Hello everyone.

I wanted to begin my remarks to you all with something light and humorous, so let’s start by talking about the new memoir by Salman Rushdie. The title of which is KNIFE: Meditations After an Attempted Murder.

In his new book, he writes this: “Language too, was a knife, It could open the
world and reveal its meaning, its inner workings, its secrets, its truths. It could cut through from one reality to another, It could call bullshit, open peoples eyes, create beauty. Language was my knife. If I had unexpectedly been caught in an unwanted knife fight maybe this was the knife I could use to fight back.”

In the last year, freedom of expression, and freedom of speech, and literature itself, has been under attack from all sides, because authoritarians know that literature is a knife, just as Salman describes it—but it’s not the kind of weapon that hurts; it’s the kind of weapon that heals, opens hearts, changes minds, wakes people up from their sleep. Which is, of course, exactly what some people are afraid of. In the first half of this year, we have counted over 4,000 book bans in schools across the country, from The Handmaid’s Tale to The Bluest Eye, as well as scores of books about or by LGBTQ people, or people of color. And why are these books being banned? It’s because our adversaries fear the changes that books can bring.

But that’s our mission at PEN America: to enable authors to continue to change the world, and to free writers who find themselves behind bars because of the stories that they have told. Our Freedom to Write Index—released last week—noted that 339 writers around the world are imprisoned for their words. The list of the ten countries who have jailed the most writers is topped by China, with over 100 authors in jail, followed by Iran, Saudi Arabia, and Vietnam. War and conflict had a significant impact on writers, with Russia and Israel appearing on the list for the very first time.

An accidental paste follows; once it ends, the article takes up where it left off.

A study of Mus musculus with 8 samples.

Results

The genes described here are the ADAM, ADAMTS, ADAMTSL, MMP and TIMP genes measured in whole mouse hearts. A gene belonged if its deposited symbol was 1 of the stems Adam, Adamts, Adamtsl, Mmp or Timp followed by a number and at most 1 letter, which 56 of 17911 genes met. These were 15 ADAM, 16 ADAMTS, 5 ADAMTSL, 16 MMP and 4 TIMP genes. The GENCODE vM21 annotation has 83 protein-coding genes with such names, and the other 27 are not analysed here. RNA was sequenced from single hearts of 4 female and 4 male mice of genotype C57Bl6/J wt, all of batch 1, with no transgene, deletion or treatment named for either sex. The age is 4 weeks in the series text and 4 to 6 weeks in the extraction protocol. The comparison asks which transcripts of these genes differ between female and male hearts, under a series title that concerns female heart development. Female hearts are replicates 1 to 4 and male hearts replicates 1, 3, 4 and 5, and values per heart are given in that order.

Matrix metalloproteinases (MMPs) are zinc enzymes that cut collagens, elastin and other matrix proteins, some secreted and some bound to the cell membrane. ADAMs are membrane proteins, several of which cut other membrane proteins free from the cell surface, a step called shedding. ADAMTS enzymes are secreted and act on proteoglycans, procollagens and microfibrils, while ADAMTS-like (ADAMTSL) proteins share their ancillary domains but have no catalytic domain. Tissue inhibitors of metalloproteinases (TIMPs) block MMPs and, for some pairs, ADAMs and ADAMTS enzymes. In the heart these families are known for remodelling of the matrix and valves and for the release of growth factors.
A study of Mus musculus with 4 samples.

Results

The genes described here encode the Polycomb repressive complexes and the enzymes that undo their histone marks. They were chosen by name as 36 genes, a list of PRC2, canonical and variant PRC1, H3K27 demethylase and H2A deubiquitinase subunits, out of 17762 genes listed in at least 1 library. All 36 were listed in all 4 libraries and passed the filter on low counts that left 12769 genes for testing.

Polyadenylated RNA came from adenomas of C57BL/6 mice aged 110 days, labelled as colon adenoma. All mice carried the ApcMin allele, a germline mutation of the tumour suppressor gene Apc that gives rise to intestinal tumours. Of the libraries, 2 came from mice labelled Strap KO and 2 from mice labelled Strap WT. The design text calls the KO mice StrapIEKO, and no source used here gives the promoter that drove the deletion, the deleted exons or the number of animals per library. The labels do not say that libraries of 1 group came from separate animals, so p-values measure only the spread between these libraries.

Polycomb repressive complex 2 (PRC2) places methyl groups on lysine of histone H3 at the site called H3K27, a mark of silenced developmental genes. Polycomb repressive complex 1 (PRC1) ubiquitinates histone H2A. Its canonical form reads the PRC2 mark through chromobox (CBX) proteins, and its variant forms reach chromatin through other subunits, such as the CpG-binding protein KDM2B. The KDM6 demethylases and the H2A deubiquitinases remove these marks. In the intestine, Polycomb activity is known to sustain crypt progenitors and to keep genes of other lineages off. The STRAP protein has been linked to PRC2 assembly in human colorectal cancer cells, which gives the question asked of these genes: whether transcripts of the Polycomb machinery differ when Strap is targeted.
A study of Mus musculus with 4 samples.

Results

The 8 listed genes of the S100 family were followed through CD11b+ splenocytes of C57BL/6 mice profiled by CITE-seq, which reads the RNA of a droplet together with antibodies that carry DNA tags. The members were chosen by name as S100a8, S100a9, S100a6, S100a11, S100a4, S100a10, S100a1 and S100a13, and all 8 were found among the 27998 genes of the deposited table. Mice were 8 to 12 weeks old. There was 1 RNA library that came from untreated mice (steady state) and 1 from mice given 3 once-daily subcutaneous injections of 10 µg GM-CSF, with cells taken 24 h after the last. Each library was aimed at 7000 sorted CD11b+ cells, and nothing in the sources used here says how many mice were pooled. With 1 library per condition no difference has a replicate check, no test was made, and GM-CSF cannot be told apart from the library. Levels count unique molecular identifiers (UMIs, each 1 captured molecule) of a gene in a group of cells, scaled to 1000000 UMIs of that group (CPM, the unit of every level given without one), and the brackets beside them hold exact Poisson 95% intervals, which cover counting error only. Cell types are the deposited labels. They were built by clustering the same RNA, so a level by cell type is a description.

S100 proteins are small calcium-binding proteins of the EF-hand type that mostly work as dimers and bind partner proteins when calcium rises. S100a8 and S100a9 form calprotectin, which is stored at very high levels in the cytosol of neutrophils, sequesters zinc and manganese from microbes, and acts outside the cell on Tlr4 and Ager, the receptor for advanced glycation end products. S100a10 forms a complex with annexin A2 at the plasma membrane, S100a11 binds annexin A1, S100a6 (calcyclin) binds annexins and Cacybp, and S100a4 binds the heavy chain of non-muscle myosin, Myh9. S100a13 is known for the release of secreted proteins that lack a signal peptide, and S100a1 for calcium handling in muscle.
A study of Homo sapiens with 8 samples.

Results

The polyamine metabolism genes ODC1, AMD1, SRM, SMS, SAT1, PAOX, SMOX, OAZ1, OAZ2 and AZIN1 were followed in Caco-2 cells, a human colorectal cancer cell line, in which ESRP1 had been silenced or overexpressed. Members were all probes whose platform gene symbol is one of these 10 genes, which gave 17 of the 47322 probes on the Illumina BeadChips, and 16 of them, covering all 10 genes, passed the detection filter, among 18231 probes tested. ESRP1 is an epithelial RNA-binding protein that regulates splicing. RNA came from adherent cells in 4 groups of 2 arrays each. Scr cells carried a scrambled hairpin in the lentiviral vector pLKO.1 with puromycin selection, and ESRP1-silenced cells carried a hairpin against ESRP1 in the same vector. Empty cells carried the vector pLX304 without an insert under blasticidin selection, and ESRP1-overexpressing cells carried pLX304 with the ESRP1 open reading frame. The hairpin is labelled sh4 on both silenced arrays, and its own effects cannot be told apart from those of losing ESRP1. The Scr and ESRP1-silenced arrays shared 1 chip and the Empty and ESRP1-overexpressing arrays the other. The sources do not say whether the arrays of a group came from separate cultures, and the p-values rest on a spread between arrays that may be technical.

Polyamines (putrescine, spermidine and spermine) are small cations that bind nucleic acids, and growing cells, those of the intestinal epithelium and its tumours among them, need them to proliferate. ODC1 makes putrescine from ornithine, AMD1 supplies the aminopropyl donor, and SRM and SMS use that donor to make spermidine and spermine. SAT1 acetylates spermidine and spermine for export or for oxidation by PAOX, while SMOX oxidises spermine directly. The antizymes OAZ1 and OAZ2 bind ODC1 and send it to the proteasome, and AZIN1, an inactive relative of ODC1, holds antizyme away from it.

And speaking of Israel. The war in Gaza has amplified divisions, across the
country, on college campuses, and yes, even at PEN itself. This year some members of our own community boycotted the annual PEN Literary Awards, and the World Voices Festival, in order to make it abundantly and passionately clear how disappointed they were, and are, with our initial response to the war. Some of them are protesting this very evening.

To our critics I want to say that we hear you, and we want to move forward with you, together.

We are determined to amplify the voices of all writers at risk—from Israel to Ukraine, from Palestine to Russia, from Florida to Texas.

On a personal note, may I just say that my first four months as PEN’s president have been—hm, something of a challenge? And that there have been plenty of times since January that I have wondered whether a comic transgender novelist is really what the current crisis calls for. After all, in some ways my skill set is relatively limited. All I have, other than the ability to tell a joke, are the tools of love and forgiveness. But is that enough to heal the world? Is that enough to bring us all peace?

I don’t know. But as one of our nation’s foremost poets once wrote, “I believe in the future, we will suffer no more. Maybe not in my lifetime, but in yours, I feel sure. Song dogs barking at the break of dawn. Lightning pushes the edges of a thunderstorm, and these streets. Quiet as a sleeping army. Send their battered dreams to heaven.”

No, that wasn’t Salman Rushdie. That was Paul Simon, whom we also honor

The work we do at PEN America is possible because of all of you. I want to send a special shout out to our gala co-chairs: Colette Bennett, Markus Dohle, Sean Kelly, and Anya Salama, and to our trusted Gala advisor, and
resident guardian angel, Roxanne Donovan. Thank you to our gala committee, our sponsors, and our award underwriters: the Edwin Barbey Charitable Trust and Pamela and Peter Barbey; Lawrence and Elyse Benenson, and Audible.

As you know, PEN America is powered by a nationwide membership of writers, many of whom are here this evening with us, serving as honored literary hosts as well as special guests this evening. We thank you all for being here tonight.

With help from all of you, we will continue to wield the healing knives of literature, and of music, and of love. Thank you.